So, I’m reading a book that uses the “not like other girls” trope, and I couldn’t help thinking about how utterly toxic this idea is. What’s most upsetting about this is the fact that I never once thought much of it when I was a young girl reading these books. What’s even more unfortunate is the fact that I was introduced to these ideas at an incredibly young age.

You see, I began seriously reading on my own by the time I was finishing up Kindergarten. By the end of first grade, I was reading Nancy Drew. As a young reader with fairly mature reading skills, I was definitely reading books that were a bit out of my range of ability to fully understand and critically think about. So, the “not like other girls” trope was kind of pushed into my brain as something that is not only common but something I should strive to be.

I was probably fifteen by the time I realized that I had this sort of backseat, unconscious dislike–or hatred, really–of women. I hated myself for various reasons and have never really fully gotten past that and many of the motivations related to these ideas suggested a) women are inferior and b) women are always in competition with the more inferior women around them. I hated girls in general. The classmates I would get annoyed with and “hate” on a regular basis were more often girls.

And I don’t think I fully understood the implications, the effect that things like society and the “not like other girls” trope played on this response of mine. To this day, I don’t like having female pets. Up to just a few years ago, I would have internal hatred conflicts toward other women that I could never fully explain or understand. To say that these facets of my life were influenced by the material I read in my childhood is important. It is insane to think that I am only now, at 26, recognizing the deep impact this early exposure to these toxic ideas had on who I am as a person.

It’s insane to go through unlearning all of that. It’s difficult. And it’s emotionally jarring. A part of me regrets who I was in a large way, a person who was shaped to hate her gender and herself in part because of her society, but also because of the seemingly harmless thought that it was good to “not be like other girls” and that such breaks from femininity and sisterhood would make them more appealing to the boys that they liked.

It’s so toxic.

And while I recognize that I am now able to look at these shortcomings I had as a younger person and while I have worked on these issues and made a point to be better than what this society raised me to be, I resent the world that allowed me to think that way in the first place. I can find solace in the fact that these sorts of ideas are discussed openly today and I hope that the number of young girls who fall to these ideas as I did is smaller today than it was.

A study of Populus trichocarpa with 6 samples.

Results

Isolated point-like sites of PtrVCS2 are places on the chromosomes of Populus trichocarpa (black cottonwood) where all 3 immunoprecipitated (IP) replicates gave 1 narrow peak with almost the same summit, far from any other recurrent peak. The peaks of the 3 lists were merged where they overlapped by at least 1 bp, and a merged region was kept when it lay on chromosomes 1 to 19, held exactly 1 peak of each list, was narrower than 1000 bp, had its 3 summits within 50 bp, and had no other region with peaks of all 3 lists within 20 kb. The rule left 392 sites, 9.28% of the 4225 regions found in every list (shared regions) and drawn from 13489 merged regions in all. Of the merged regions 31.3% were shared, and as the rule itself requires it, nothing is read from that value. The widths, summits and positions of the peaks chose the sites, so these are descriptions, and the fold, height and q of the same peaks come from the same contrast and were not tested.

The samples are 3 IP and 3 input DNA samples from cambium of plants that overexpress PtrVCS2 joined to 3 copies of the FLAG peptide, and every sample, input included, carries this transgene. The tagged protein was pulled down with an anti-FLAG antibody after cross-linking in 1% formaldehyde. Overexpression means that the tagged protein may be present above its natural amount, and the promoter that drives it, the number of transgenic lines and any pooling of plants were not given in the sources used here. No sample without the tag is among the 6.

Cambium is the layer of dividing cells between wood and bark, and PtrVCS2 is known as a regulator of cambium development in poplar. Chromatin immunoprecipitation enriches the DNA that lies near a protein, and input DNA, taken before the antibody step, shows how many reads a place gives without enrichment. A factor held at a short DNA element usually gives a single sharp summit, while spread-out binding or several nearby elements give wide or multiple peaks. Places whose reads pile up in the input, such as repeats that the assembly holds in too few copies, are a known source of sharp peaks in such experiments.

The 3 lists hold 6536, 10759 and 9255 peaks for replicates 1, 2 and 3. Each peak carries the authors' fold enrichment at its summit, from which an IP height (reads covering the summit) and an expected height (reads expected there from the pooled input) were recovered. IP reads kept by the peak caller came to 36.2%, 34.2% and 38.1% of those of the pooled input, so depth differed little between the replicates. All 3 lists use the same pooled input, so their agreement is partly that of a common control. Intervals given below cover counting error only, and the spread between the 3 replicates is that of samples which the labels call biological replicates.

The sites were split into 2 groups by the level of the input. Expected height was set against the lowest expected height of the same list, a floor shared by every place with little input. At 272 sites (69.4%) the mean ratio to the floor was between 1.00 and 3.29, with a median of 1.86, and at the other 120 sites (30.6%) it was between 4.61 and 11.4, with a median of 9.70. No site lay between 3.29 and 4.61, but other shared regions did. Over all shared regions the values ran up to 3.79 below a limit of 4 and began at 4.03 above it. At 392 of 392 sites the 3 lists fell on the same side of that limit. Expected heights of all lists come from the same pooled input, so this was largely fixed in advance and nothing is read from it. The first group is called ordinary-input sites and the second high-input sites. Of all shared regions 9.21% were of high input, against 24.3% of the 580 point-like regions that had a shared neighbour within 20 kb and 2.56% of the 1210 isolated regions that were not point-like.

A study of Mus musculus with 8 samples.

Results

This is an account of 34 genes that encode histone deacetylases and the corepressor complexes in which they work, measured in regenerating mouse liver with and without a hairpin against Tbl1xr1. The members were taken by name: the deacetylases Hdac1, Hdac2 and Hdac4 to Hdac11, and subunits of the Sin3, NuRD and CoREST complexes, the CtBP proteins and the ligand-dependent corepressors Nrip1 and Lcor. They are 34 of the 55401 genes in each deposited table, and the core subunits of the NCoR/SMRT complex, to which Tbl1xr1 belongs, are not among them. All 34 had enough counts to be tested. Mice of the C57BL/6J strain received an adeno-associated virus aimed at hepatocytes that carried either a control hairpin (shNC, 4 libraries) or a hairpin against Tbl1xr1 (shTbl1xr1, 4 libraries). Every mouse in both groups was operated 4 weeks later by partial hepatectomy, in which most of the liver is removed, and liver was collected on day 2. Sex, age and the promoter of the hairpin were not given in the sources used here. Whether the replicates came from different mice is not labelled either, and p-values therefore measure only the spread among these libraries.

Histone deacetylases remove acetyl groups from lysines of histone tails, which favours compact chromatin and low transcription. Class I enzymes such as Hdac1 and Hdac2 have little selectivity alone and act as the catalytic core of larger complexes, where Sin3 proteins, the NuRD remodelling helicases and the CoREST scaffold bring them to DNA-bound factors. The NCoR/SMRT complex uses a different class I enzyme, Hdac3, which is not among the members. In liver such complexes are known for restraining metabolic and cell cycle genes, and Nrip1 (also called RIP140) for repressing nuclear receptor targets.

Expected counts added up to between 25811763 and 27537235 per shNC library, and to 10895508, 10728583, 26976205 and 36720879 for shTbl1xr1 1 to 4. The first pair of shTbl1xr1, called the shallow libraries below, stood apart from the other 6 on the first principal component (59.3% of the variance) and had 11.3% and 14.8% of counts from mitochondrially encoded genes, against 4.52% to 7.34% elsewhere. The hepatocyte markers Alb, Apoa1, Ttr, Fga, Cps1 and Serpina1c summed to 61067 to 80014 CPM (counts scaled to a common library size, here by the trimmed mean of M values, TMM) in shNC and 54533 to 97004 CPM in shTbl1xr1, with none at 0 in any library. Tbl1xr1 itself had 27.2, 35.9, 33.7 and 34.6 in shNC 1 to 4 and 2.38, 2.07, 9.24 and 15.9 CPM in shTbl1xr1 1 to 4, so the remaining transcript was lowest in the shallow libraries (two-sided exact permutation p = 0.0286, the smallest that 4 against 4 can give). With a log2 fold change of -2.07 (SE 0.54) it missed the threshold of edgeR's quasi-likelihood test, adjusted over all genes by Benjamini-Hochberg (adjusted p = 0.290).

But that is why I hate the “not like other girls” trope more than most.

And as I wrap this up, I wanted to ask, what tropes do you think are incredibly toxic? Why? I’d love to hear your thoughts in the comments!


  1. There is a bit of a side point to this trope, and I think where it tries (and often fails) to originate from. That is to try to show those women/girls that never felt like they fit in anywhere that they still have significance or place or value. Instead, it creates an impression of “better than” rather than “different, but valued”. If any of that makes sense.

  2. I’m really tired of the abusive bad boy trope. The whole emotional abuse, I’m going to treat the girl terrible and she loves it… yeah I’m so bad and misunderstood. Most of the time the dude is written as manipulative and emotionally abusive, but the girl falls for him anyway. I hate it.

  3. I’m right there with you! I absolutely hate that trope so much, and the fact that it is STILL in books makes me so mad. Girls are already at a disadvantage because of society in general, we don’t need to be adding to it with the books we read, and the media we consume (again, the world’s fault).
    It took me a LONG time to unlearn hating other women (which is even more ironic because I’m a lesbian), but society, and the world at large, have a lot to answer for.

    It makes me endlessly mad that it’s still a trope that continues to be written about in books, and it makes me sad that there’s a whole new generation of girls who will be exposed to this toxicity because of it.